The UN has released new data showing an upward trend in emission of greenhouse gases, and called for urgent action from rich countries.
Greenhouse gases are blamed for human-induced climate change
The data showed a 2.4% total increase in emissions across 41 industrialised countries between 2000 and 2004.
Britain, France and Germany were "relatively close" to achieving Kyoto Protocol targets, the UN said.
The US remained the world's biggest greenhouse gas polluter - its emissions increased 15.4% between 1990 and 2004.
Under the Kyoto Protocol, industrialised countries agreed in 1997 to cut emissions of the gases blamed for human-induced climate change to 5% below 1990 levels.
Overall emissions have decreased by 3.3% since 1990.
But this is largely because rising emissions in rich countries have been offset by the massive decline in industry in Eastern European and former Soviet countries following the collapse of communism.
And Yvo de Boer, the head of the UN climate change secretariat in Bonn, said it was "worrying" that the new data showed that even those countries' emissions had risen 4.1% between 2000 and 2004.
The figures were published as the British government released a report by economist Sir Nicholas Stern, which suggests that global warming could shrink the global economy by 20%.
But taking action now would cost just 1% of global gross domestic product, the 700-page study says.
Mr de Boer said that overall, Kyoto signatory countries had a "good chance" of meeting their targets if they moved fast to implement proposed strategies.
But he warned that the targets were small compared to the ultimate challenge, pointing to information from the Intergovernmental Panel on Climate Change (IPCC):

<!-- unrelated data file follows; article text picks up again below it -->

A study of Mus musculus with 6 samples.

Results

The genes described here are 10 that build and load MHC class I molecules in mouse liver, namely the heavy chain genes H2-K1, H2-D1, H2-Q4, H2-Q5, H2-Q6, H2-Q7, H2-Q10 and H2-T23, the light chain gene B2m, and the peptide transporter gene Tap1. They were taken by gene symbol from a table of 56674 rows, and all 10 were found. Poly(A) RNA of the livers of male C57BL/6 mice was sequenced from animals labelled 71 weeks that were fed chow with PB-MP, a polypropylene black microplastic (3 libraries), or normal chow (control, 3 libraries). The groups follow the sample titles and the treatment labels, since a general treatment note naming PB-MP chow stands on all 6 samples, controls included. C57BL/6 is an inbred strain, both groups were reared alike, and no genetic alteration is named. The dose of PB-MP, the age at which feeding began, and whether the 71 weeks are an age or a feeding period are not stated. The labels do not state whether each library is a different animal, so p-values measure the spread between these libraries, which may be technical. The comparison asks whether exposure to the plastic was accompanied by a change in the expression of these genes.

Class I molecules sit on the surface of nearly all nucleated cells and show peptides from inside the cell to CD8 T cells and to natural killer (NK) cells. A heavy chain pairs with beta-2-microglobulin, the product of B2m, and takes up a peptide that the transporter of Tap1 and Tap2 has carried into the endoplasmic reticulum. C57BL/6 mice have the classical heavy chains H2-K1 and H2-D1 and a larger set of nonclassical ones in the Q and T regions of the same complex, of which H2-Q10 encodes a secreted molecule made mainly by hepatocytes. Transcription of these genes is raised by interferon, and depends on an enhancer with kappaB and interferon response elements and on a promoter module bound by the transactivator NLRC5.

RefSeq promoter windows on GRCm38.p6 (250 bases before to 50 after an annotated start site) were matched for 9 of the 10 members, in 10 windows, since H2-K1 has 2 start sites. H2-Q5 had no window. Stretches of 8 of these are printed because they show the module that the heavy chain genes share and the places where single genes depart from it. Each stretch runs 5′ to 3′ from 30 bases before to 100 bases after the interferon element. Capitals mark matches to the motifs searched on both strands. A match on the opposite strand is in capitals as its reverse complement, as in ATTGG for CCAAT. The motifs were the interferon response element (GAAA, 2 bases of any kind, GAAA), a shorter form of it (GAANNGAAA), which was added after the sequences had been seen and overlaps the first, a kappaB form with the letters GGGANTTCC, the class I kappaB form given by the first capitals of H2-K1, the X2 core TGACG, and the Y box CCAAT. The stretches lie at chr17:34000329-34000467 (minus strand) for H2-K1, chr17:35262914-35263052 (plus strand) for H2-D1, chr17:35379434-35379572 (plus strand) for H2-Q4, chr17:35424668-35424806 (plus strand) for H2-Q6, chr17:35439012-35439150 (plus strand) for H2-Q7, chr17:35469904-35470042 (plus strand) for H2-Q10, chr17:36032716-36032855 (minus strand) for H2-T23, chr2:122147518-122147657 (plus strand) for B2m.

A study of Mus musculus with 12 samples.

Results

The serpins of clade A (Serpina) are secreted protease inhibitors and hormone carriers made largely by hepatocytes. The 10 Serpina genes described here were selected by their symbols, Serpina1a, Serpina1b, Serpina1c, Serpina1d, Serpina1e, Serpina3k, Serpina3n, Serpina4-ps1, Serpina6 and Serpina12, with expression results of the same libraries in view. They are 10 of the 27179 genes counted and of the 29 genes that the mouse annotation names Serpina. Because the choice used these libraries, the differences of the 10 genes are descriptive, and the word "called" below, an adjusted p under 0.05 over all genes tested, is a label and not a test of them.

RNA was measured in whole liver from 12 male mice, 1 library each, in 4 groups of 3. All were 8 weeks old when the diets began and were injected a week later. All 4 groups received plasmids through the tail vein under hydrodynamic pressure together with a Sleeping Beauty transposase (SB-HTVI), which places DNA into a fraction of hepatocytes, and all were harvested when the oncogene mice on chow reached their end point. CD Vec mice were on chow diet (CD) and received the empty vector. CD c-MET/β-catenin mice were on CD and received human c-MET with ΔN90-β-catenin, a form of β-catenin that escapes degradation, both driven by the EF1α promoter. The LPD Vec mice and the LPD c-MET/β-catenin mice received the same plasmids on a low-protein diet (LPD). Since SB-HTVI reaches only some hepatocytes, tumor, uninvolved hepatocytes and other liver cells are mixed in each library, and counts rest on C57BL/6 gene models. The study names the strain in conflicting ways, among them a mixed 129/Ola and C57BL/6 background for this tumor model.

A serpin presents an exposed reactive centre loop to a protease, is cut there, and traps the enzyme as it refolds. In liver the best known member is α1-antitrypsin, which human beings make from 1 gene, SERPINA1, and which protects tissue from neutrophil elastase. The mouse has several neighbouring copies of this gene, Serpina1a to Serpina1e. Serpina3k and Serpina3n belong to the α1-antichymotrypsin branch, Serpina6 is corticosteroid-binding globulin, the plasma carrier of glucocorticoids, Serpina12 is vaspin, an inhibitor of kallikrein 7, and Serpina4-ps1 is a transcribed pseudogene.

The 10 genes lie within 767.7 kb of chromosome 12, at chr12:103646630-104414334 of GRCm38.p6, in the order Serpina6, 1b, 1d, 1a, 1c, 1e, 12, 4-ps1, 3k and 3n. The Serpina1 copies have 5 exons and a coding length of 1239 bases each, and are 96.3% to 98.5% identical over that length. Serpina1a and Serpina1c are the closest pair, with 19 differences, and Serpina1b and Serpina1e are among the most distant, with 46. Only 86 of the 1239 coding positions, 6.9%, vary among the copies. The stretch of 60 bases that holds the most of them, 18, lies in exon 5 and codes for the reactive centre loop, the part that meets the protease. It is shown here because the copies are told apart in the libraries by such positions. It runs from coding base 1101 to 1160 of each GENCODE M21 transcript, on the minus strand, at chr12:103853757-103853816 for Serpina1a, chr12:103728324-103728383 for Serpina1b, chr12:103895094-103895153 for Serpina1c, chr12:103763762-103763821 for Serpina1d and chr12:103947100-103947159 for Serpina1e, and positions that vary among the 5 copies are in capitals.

"It's showing us that by the middle of the century, emissions probably need to be reduced by 60% or 80%, at least by industrialised countries," he said.
"It's telling us is that we need to act on climate change very urgently or else it's going to get very expensive."
The new UN data also showed some countries were far from the hoped-for reductions.
The US originally agreed to work towards a 6% reduction from 1990 levels, but later pulled out of the protocol, saying implementing it would be detrimental to its economy.
By 2004, US emissions were 21.1% above 1990 levels and accounted for nearly a quarter of all global greenhouse emissions, the UNFCCC said - although the rate of increase of emissions had slowed in recent years.
Japan and Spain had fallen behind targets. Japan's emissions have increased 6% since 1990, despite a 2012 target of a 6% decrease.
And Spain had pledged to allow its emissions to rise 15% by 2012, but by 2004 they were already 49% above 1990 levels.
Mr de Boer pointed to Britain and Germany as positive examples, demonstrating that it was possible to sustain economic growth while cutting emissions.
"It is possible to decouple economic growth and climate change," he said.
The figures come ahead of UN-sponsored talks on the Kyoto Protocol next week in Nairobi.